Less than a year after the iPhone OS 2.0 made it possible for developers to write native apps for the iPhone, Apple has released a major new upgrade of the iPhone OS and software suite. iPhone OS 3.0 provides developers with a significant collection of enhancements to the iPhone SDK that enable many new capabilities and even new categories of applications. In addition, they allow the creation of completely new business and economic models for generating revenue with iPhone apps.
Apple’s long-awaited push notification service has finally arrived. All the apps on the phone now use a single shared connection to Apple’s push service, which developers can connect to and use to push messages to the device. A notification can consist of a red badge on the app’s icon, sound playback, and/or a text message. This opens up the possibility of implementing applications in everything from instant messaging and notification services to real-time news and business intelligence alerting. And to alleviate concerns that many had about being overwhelmed by too many messages, users will have the option of turning on/off notifications (sounds, alerts, or badges) on an app-by-app basis.
From a purely economic standpoint, the in-app feature could change the entire landscape of iPhone app creation. Rather than relying on the initial purchase price only—which for most apps has been a rush to the rock-bottom price of $0.99—developers can now create apps that incorporate alternative business models, including subscriptions and incremental purchases from within an app. Many current apps have attempted to do this by requiring a subscription to an external service, but the enhancements made to the 3.0 OS will dramatically simplify the user experience of subscribing and paying for that subscription.
Additionally, 3.0 enables the creation of apps that can be shipped with certain features or content disabled; only by agreeing to pay extra can that functionality be used. Think of a game that you play for a while, get hooked on, and then run out of lives. Then a message appears in the nick of time, offering you a better gun/car/airplane. How many users could resist paying a small fee—on complete impulse—to keep going? The sky’s the limit here, and I’m sure many fortunes will be created as ongoing in-app revenue surpasses the revenue coming from initial app sales.
Multiplayer games and data sharing with other nearby iPhone/iPod touch devices are now possible with the new peer-to-peer capabilities and APIs. The connectivity uses the Bonjour protocol for the identification of other devices over Wi-Fi or Bluetooth. It actually makes it quite easy for developers to write apps that locate and communicate with nearby devices.
Hardware accessory integration
By opening the hardware interface to app developers, there are three new categories of products that can be created: standalone apps that talk to accessories, accessories that require apps for user interaction, and combination hardware/software solutions where the value is from the combination of app and accessory. Examples include alarm clocks without any buttons (where all the settings are configured from an iPhone or iPod touch in an app) to a treadmill that integrates your playlist with your workout all while monitoring your heart rate.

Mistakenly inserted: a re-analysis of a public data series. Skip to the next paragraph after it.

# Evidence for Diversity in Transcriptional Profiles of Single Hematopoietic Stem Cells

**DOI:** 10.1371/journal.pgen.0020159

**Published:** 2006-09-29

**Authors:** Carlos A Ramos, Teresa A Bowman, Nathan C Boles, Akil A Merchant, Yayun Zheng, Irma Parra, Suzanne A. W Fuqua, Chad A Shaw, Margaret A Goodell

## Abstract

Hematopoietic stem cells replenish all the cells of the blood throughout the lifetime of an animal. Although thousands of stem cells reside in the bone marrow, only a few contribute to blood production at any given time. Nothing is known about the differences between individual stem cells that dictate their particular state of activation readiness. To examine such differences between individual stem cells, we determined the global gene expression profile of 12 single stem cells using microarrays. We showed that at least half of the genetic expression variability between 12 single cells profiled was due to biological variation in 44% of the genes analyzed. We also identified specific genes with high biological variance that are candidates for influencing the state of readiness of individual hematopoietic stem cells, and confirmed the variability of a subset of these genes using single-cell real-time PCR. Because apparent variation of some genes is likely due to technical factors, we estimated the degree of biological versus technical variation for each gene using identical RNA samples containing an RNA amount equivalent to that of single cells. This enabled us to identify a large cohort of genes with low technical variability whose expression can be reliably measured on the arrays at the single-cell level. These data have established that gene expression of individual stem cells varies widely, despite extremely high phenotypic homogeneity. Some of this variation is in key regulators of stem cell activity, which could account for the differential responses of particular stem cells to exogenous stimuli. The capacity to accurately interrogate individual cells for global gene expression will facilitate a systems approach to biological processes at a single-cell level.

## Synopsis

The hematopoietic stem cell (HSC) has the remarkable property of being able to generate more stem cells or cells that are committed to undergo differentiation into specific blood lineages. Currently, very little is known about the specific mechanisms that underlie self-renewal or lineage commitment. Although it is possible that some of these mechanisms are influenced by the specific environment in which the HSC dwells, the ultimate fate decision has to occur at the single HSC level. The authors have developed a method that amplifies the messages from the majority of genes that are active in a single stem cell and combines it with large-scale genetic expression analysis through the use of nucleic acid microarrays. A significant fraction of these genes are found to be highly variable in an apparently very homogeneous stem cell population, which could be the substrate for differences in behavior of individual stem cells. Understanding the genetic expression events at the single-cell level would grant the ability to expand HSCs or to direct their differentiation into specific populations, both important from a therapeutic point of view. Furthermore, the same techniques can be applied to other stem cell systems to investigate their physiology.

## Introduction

This capability will be extremely appealing to the enterprise, allowing for the creation of barcode scanners and magnetic strip readers that can scan products, capture credit card information, and send the data to the iPhone or iPod touch. (With a truly usable mobile Point-of-Sale terminal like this, maybe Apple will finally replace the Windows-powered handhelds used in the Apple Stores with Apple devices.) Unfortunately, even though this does support both wired and wireless accessories using Bluetooth, it isn’t compatible with every Bluetooth device because Apple requires that each accessory be certified by them.
Previously, if a third-party app wanted to take advantage of the Maps and Routing functionality, it had to close down in order to launch the Maps app. Unfortunately, this created a poor user experience in many cases. With OS 3.0, developers can now improve app usability by embedding the mapping and routing functionality directly into the application. (Because of content licensing requirements, developers will have to provide their own mapping data for navigation and routing.) Add to that the new magnetic compass in the iPhone 3G S, and developers now have the tools they need to create some incredible location-based apps.
Listening to developers
In addition to all of these enhancements, the iPhone OS 3.0 has hundreds of smaller, but still significant improvements. And while some asked-for enhancements were missing—like the ability to run apps in the background and access “sandboxed” data—it is obvious that Apple is listening to the market and to feedback from the developer community.
The original iPhone SDK has surpassed one million downloads, and the App Store continues to grow dramatically with over 50,000 apps currently listed—the momentum within the ecosystem shows no signs of slowing. As long as Apple continues implementing what the developers need to create killer apps and profitable business models, Apple’s competitors will struggle to challenge the iPhone’s dominance in the mobile software marketplace.